There are new Pop Tarts, and they are Limited Edition. I know this because it says “Limited Edition” in bold red lettering inside a yellow banner that circumscribes the box. For an unspecified but finite amount of time only, Pop Tarts are available in a seasonal palette and flavor: pumpkin pie.
Pumpkin-pie Pop Tarts sound disgusting, it’s true. But I may not have another opportunity to buy them. If panicked urgency isn’t enough to make me buy them, there’s also the appeal of authenticity: They are“made with real nutmeg, cinnamon, and clove.” Just like grandma used to make her Limited Edition Pop Tarts.
Advertisers know that we consumers of food believe that “real” means healthy. To some degree, it used to. “Real” meant whole foods not far removed from the ground, which meant they were less likely to contain added sugar and salt, more likely to contain fiber and deliver nutrients. But “real” has been repurposed by advertising and technophobia, to the point that it’s largely meaningless, if not misleading. Though it does still accomplish the ultimate goal in marketing, to make people feel things.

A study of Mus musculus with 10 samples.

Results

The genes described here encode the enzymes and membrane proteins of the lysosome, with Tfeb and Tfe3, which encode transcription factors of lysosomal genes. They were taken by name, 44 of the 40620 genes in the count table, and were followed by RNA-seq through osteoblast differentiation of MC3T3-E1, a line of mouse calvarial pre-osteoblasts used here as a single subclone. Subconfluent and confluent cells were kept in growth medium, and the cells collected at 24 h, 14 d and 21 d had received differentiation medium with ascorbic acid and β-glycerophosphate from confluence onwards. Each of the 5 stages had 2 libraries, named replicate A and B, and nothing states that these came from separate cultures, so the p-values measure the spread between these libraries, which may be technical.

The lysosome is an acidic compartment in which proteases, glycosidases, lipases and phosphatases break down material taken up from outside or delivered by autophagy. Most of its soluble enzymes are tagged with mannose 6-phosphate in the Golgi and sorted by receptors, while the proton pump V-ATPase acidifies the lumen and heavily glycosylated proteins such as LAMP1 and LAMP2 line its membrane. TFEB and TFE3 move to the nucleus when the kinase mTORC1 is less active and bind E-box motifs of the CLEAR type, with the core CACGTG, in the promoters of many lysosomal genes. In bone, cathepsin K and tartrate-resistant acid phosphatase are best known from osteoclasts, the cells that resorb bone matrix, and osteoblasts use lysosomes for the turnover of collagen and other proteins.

Kellogg’s spent $32 million last year in advertising Pop Tarts alone. Coca-Cola spent $269 million advertising its flagship product (Coca-Cola). Pepsi spent $150 million just to advertise the brightly colored sugar-water that is Gatorade. It's the sugar water for people who do sports. These are numbers that Marion Nestle, professor of nutrition, food studies, and public health, highlighted in a lecture at New York University on Thursday night. “Think about what that money could do for education, for social welfare,” Nestle implored. “But that money is spent getting people to buy sugar.”